POULSBO — Little Norway is taking its aging sewer system to task.
The Viking City will undergo a 45-day improvement project in its old town core. Construction will begin in August. The project is designed to retire Poulsbo’s antiquated sanitary sewer pipes, which have aged beyond 50 years and are infiltrated with roots, said City Engineer Andrzej Kasiniak. The scope runs from Third Avenue to Fifth Avenue, and from Iverson Street just slightly past Hostmark Street on Fjord Drive, as well as Swanson Way in the city’s southeast portion.
An informational meeting is planned on the topic tomorrow evening in Poulsbo’s city hall.
Phil Struck, senior consultant for project consultant Parametrix, said improvements will help to ensure the system has enough capacity to handle the city’s increasing population, as well as help to control user rates by reducing the amount of water that needs to be treated and lead the city more in line with Department of Ecology and comprehensive planning standards. Stormwater that flows in and groundwater that infiltrates the system have caused backups and overflows during storms.
Contract bidding opened Monday. The estimated cost is $650,000.
Senior Field Inspector Mike Lund said while some thru-traffic road closures may occur, no more than one intersection will be blocked off at a time and residents will be notified of upcoming traffic interruptions. Four-hour windows in which a home’s sewer service will need to be shut off will also be preceeded by ample warning, he said.
Kasiniak said the project is one that’s been four years in planning, and is the third of its kind in Poulsbo since the mid 1990s. A previous wastewater improvement project was conducted on Sixth Avenue in 2000.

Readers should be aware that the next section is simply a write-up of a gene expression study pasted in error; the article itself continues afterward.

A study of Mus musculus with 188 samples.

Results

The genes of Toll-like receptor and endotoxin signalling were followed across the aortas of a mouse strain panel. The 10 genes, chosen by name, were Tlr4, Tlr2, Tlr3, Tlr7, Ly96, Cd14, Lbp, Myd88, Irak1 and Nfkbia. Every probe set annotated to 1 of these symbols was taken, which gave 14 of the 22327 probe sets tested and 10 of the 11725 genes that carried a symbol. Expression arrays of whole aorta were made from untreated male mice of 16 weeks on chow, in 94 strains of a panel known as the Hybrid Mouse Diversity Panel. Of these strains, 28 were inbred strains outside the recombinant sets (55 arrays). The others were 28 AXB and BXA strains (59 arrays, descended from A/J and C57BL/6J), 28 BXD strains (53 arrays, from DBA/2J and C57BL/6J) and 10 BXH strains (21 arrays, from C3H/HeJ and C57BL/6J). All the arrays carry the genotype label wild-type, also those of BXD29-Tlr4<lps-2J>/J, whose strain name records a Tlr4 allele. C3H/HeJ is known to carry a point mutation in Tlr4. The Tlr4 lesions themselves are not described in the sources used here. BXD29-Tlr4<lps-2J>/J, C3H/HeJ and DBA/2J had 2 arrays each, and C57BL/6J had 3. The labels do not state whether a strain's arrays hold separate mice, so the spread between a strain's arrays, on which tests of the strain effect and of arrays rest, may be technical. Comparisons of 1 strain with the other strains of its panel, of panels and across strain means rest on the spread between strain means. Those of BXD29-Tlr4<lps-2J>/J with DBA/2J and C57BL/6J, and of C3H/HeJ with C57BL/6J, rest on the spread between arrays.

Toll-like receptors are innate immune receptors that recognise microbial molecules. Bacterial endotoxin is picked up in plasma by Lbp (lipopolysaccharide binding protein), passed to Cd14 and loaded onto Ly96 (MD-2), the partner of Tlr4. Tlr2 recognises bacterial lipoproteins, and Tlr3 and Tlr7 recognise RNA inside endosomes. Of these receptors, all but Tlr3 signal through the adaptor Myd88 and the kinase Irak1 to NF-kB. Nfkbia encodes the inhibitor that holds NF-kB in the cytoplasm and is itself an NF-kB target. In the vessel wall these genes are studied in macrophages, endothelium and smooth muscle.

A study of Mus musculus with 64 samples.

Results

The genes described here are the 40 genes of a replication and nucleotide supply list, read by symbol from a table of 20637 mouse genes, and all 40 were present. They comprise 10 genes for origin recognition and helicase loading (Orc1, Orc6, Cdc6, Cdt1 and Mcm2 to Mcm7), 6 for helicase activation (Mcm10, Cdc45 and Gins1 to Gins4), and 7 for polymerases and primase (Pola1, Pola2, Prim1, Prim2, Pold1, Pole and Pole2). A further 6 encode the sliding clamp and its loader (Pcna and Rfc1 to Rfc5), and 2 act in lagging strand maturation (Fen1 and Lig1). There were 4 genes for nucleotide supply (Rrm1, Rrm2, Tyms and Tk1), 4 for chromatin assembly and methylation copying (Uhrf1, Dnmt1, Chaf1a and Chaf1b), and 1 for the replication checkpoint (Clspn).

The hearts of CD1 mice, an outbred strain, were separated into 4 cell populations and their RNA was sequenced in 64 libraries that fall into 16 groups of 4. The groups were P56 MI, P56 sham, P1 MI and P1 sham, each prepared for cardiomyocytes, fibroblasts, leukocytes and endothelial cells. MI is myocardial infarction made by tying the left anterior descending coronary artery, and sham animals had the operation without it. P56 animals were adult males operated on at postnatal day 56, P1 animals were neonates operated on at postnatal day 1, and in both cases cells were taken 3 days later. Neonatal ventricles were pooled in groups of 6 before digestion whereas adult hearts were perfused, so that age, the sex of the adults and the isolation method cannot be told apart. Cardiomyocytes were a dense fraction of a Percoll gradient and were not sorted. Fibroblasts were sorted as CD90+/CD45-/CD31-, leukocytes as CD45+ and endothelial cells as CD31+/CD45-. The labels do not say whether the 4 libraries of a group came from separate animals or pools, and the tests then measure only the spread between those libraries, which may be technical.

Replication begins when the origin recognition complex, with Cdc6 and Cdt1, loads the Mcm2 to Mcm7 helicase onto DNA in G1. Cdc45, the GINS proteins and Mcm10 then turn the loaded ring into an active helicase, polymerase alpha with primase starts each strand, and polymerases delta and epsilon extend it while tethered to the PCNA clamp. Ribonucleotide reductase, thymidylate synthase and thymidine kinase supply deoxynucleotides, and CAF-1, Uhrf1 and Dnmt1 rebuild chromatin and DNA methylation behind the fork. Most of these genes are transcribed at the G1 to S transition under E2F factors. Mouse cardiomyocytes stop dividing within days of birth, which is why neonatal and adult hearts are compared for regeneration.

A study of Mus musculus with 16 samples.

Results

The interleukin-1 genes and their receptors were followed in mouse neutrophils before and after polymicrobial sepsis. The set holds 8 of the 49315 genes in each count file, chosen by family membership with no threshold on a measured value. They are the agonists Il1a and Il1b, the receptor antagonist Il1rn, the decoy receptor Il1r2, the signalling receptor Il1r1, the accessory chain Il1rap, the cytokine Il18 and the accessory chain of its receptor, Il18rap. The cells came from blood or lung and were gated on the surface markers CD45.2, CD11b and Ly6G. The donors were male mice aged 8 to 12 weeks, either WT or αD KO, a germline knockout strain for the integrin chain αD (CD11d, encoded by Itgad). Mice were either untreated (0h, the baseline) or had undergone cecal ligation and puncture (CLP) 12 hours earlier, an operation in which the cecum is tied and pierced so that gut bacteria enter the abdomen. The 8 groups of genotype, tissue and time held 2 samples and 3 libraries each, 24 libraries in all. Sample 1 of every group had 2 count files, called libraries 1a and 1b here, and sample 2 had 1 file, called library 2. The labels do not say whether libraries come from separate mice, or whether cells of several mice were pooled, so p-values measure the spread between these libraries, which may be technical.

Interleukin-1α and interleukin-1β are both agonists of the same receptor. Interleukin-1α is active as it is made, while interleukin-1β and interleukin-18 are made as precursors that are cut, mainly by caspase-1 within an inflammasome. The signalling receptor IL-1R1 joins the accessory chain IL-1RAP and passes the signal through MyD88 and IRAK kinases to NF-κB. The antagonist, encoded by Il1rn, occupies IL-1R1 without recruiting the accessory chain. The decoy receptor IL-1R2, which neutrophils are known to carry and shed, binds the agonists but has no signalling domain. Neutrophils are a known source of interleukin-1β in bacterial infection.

He said each home in the construction zone should only feel a one-day impact, while neighborhoods on the whole may notice the interruption a bit longer. But those attending the meeting Thursday can ask specific questions about their property, yards and landscaping.
“We will be able to talk about specific construction issues,” he said. “We are planning to work individually with the property owners.”
The pipe replacement process will, in many cases, not require the tearing up of streets. Instead, a pipe bursting method will be used in which the new, inch-thick piping is fed down a manhole and through the old piping, preceded by a burster that breaks away the former pipe. They city’s current system not only suffers from age and roots, but some of it is made of clay, which only has a life span of 30 years. Significant volumes of surface and groundwater have gotten into the system because of its age and state. The new piping is meant to last at least 50 years, and contains fewer seams so that roots aren’t as much of a problem.